But it wasn't until they visited Bali themselves that Cooper and Schulze had an epiphany about an entrepreneurial method of attacking the problem.
Despite the garbage on Bali's beaches, the surf breaks were still crowded with surfers when Cooper and Schulze visited in 2015, they tell CNBC Make It, so they paid a local to take them to a private surfing area. Out on the water, they watched Balinese fishermen navigate their boats around masses of floating plastic and pull up fishing nets bulging with plastic bottles and trash. The fishermen simply tossed all of the rubbish, everything but the fish, back into the water, Cooper and Schulze say.
"They're pulling the nets back in and taking the plastic out of their nets and throwing it back overboard, and the boats are driving around these islands of plastic," Cooper says.
Cooper asked one fisherman: "'How come you guys aren't taking this plastic back and recycling it? You're just throwing it back in the water where it doesn't belong.' And, they simply responded, 'Well, we don't get paid to pick up plastic, we get paid to pick up fish.'"
That response was another eye-opener for the two Americans, who say at that moment their business sense kicked in. "Well, there's a demand for seafood, there's not a demand for plastic, so you can't get mad at him," Cooper says. "And, that's when we really came up with this light bulb idea of 'Can we shift the demand from seafood to plastic?'"
It was just a kernel, but Cooper and Schulze couldn't stop thinking about it when they returned home. "We told our families we had this crazy idea," Cooper says, adding that the pair knew they wanted to manufacture and sell a product made from recycled marine waste — they just weren't yet sure what the product would be.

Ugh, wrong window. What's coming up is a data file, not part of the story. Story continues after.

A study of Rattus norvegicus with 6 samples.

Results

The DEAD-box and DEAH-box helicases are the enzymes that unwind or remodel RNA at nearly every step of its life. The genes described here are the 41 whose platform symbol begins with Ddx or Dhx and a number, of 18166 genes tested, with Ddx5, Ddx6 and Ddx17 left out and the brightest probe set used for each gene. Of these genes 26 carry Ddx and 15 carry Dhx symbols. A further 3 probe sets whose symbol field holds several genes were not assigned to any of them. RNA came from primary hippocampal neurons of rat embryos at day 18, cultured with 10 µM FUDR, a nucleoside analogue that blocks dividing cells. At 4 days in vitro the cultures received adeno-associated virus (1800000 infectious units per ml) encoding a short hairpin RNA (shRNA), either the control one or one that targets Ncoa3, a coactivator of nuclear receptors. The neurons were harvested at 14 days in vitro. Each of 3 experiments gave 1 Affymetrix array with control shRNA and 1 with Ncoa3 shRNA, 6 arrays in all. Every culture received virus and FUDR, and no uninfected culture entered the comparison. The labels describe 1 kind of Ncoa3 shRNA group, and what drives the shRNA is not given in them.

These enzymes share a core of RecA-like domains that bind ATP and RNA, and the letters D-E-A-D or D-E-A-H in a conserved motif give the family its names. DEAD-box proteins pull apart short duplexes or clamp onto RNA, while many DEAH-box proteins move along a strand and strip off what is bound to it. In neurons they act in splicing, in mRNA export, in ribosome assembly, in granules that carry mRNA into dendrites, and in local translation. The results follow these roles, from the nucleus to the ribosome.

"We knew that we wanted it to be gender neutral," Cooper says. "We knew that it didn't need to be too much of a statement of your personality or your outfit — very subtle and subliminal — but still a talking point. And, the bracelet just kind of evolved itself out of all that."
Cooper and Schulze spent most of 2016 laying the groundwork for the launch of 4Ocean. They designed a logo and a prototype for the bracelet and found a local manufacturing partner who could make it, giving them something to put on social media as well as the website they designed to lay out their mission and solicit orders.
The pair had already started doing their own cleanups at the beaches near Boca Raton to get the materials for the first batch of bracelets, which feature clear beads made from recycled glass and a colored cord made from recycled plastic. The cords are available in a range of colors, from the original deep sea blue to dark red or bright green.